Bertie Ahern says lack of Dublin/Belfast Brexit plan 'extraordinary'
Belfast politicians must reach “necessary compromises”, former taoiseach declares
Former Taoiseach Bertie Ahern. Photograph: Cyril Byrne
Saying that it is “absolutely extraordinary” that meetings are not taking place, Mr Ahern: “They need to be working together, to work through the problems that are going to massively affect the whole island but in particular the people of Northern Ireland, ” he told a Brexit meeting in Co Cavan last night.
Speaking in Cavan last night, he complained: “There are no meetings taking place, it’s absolutely extraordinary because anywhere else in the world where you need your parliament, your government, the cooperation with other countries there are no meetings taking place. It is absolutely extraordinary.”
He called on politicians in Northern Ireland to break the Stormont deadlock and “get back to doing the job they are paid for and elected to do.”
Urging Northern Ireland politicians to find a way to restore the Executive and the Stormont Assembly, Ahern, who helped negotiate the Good Friday Agreement, said it saddened him to see the power-sharing institutions at a logjam and appealed to political leaders to find “necessary compromises.”
“Over the summer period they have to reflect on what is most important. Is it the future, economy, trade, people, capital goods, infrastructure, what is the most important? For God’s sake, we want them back doing the job they are paid for and elected to do,” he said.
Ireland has “missed the boat” in failing to engage with the UK directly before Brexit negotiations with the EU negotiator Michel Barnier began, former taoiseach Bertie Ahern said last night .
Mr Ahern’s comments came ahead of a packed public meeting on Brexit in Co Cavan: “For the next year it is left to trying to influence him, and his team. That’s the challenge we face as a country,” he said.
Ireland is facing a period of great difficulty and must protect its own interests: “We are a small island in a big bowl, but we have to fight for every inch,” Mr Ahern declared.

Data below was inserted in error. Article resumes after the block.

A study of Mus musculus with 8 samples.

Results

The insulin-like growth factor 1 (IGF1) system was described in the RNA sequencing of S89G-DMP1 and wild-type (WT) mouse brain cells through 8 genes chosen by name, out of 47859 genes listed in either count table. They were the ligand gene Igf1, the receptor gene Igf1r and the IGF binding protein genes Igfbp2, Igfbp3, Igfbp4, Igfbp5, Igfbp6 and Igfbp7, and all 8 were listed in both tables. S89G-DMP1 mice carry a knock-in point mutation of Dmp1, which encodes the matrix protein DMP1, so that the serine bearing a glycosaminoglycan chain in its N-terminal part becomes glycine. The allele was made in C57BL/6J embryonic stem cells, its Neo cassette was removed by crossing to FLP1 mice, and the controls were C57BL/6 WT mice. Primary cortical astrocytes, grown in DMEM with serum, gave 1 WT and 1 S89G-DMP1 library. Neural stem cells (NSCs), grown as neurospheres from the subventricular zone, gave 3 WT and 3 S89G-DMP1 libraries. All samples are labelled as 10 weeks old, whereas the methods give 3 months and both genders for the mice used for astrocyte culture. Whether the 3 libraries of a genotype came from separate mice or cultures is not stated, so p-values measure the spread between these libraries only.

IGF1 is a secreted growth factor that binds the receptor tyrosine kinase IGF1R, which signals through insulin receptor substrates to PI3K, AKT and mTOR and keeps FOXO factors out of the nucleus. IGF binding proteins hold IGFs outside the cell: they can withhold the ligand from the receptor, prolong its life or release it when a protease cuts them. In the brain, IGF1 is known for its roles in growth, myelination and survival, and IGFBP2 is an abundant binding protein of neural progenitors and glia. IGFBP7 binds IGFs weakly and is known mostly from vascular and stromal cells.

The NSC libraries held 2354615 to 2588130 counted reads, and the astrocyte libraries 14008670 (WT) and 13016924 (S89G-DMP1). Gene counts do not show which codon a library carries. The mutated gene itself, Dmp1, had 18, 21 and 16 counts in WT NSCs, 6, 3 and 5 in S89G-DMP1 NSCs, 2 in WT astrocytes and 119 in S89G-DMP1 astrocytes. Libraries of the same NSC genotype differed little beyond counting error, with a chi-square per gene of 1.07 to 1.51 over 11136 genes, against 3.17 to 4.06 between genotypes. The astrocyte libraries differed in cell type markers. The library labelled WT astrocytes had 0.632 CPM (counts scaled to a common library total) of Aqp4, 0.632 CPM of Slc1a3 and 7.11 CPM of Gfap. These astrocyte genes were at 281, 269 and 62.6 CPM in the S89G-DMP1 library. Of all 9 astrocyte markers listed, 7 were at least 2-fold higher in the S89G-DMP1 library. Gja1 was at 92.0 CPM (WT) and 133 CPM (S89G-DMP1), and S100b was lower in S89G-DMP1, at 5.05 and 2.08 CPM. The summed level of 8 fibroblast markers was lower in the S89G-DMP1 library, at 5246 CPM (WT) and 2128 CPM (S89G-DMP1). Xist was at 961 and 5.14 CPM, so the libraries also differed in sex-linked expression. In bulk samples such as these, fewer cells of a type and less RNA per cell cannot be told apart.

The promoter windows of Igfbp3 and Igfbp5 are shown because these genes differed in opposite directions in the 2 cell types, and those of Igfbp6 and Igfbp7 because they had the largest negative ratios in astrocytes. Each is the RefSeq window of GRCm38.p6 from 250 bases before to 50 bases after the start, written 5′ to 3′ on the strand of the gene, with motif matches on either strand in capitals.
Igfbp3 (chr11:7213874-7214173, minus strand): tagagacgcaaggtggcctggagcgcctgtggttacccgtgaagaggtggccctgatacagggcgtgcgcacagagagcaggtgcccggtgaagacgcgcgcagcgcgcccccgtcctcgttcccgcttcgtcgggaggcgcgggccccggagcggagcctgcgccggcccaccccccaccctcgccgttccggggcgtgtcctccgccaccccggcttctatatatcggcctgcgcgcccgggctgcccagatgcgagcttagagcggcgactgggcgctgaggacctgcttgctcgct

Dismissing London’s hopes of quickly-negotiated, successful free trade deals, Mr Ahern said: “Trump says they’ll do a good deal but you know what that means; it will be a deal where it’ll be sold out, if it’s quick deal it’ll be a bad deal. The big danger with the beef is they’ll go to Australia or New Zealand and that’s where the real danger is for us,” he said.
Saying that there are very few positives about Brexit, stating: “On the advantages I think we all agree it’s a deficit, it’s a negative. They made a democratic decision and we have to live with that decision. It won’t go away for us.
“I don’t think anyone including the Treasury or the Foreign office had a plan B, even Boris [JOHNSON]and these guys who were blustering away in the campaign, changing their tune every day and saying whatever was on top of their heads about the national health. In fairness to them they didn’t think they were going to win.”
There is “no hope” that the United Kingdom can reach a comprehensive agreement” by March 2019: “It’s not going to be done, it’s not humanly possible. What we need to be homing in on is how the transitional arrangement is going to work, how that’s going to play out.”
He said he has not “heard a word being said” by the Fine Gael led government about the transitional period leading up to Brexit. “We should not wait until it happens, we need to be seeing how that will affect us; how’s it going to affect our trade, the single market, customs,” he said.
Two years ago, he said he had organised a meeting about the potential effects a UK referendum on EU membership could have, but it was attended by few. Now, he said, the “penny is dropping”.
“People living in this region have enjoyed free movement across the Border as a direct result of the peace process and it is vitally important these freedoms for the country, for business and communities, are maintained.”